A few leftovers from Thursday's weekly Patriots chat on ESPNBoston.com:
jblackburner (ATL): There has been some debate on the comment/message boards about undrafted free agent running back Brandon Bolden. My question: Do you think he can outperform Joseph Addai, and do you think that he would clear waivers and not get snatched up by another team if Bill Belichick wanted to put him on the practice squad? How many RBs/FBs do you see making the final 53?
I could see Bolden earning a roster spot over Addai if he outperforms him and puts some of the other off-field questions behind him. The Patriots won't hesitate to keep a younger player, even one that's undrafted, as we've seen in recent years. But until we see the players on the field, it's hard to project anything, so one way to look at it is through the economic lens. The one-year contract that Joseph Addai signed included $125,000 in bonus money that he will see regardless of whether he makes the roster, and then a $218,750 roster bonus. So one might say that reflects some minor uncertainty on the team's side that Addai will definitely be on the roster. While there is probably a vision for how it might unfold, I don't think the club has any firm decision made at this point and will let the competition in training camp dictate.
Matt (Elon NC): Can Shane Vereen take the starting job at RB, or will it go to Stevan Ridley?
I wouldn't look at the running back spot from a "starter" or "backup" perspective. One thing we've seen in recent years is that the Patriots use all their backs, and the so-called "third-down" back is just as important as any of them. To me, this one is straight-forward. Between BenJarvus Green-Ellis and Kevin Faulk, the Patriots have a 40-percent playing time void to fill and I think it's realistic to think those two can split it, assuming good health for both.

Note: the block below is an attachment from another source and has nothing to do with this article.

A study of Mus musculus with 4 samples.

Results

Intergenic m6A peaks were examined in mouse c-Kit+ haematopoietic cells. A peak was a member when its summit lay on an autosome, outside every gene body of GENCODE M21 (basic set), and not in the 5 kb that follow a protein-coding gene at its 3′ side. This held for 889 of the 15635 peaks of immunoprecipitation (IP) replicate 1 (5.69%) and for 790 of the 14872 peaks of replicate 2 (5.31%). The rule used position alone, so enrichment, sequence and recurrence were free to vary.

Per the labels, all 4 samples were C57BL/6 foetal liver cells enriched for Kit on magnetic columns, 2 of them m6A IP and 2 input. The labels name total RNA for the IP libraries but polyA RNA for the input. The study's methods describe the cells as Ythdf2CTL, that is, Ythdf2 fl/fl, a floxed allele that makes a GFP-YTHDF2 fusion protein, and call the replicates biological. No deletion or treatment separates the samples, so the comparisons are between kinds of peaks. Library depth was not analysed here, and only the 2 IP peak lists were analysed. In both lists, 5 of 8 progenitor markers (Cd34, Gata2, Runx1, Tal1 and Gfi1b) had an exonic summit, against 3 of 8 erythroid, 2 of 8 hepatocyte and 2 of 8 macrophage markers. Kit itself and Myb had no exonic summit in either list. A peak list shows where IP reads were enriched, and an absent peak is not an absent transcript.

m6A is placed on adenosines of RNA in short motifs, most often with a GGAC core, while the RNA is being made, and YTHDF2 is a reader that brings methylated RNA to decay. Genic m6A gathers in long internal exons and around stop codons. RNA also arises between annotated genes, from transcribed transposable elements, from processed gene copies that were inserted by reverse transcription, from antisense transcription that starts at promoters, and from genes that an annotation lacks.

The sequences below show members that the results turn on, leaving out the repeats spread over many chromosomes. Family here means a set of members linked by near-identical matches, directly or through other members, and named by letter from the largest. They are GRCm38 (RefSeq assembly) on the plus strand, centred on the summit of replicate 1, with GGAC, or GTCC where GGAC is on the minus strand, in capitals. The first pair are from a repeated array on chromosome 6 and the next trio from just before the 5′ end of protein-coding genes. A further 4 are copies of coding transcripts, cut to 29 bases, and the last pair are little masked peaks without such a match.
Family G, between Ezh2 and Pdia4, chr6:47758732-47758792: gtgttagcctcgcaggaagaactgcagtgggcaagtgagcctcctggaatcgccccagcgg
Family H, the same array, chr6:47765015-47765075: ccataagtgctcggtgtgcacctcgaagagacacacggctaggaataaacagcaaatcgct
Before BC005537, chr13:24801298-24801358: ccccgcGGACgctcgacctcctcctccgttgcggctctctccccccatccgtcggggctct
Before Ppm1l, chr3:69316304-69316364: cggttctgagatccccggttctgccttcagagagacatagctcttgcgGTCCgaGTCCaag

Jon (Raynham): Wes Welker claims the contract talks have gotten worse since last season. What's your take on this? I can understand some level of frustration, but I really haven't been a fan of how he's talked about his contract status. The Pats seem to reward people who quietly show up at work (i.e. Brady, Wilfork, Mayo). Talking rarely gets anything else out of the Pats.
Jon, the Patriots prefer to keep negotiations private, but I don't think it's 100 percent accurate that they only reward players who quietly show up to work. Logan Mankins is one recent example. Vince Wilfork had also expressed public frustration. Clearly Welker is bothered by this. He's been a good employee the last five years and if the Patriots really did reduce their offer, that's a "unique" way to treat someone who represents everything you want in your locker room. If I'm Welker, that really hurts after everything I've given the organization. On the flip side, I think Welker could benefit from buttoning things up and asking the club for a fresh start in refocused talks, with the springboard that everything will stay interal as his emotions got the best of him. In the end, I see it as a two-way street, with both sides needing to give a little. If both sides are truly committed to a longer-term deal, in the three-year range, I don't think it should be that hard. I just question the commitment to find a compromise at this point.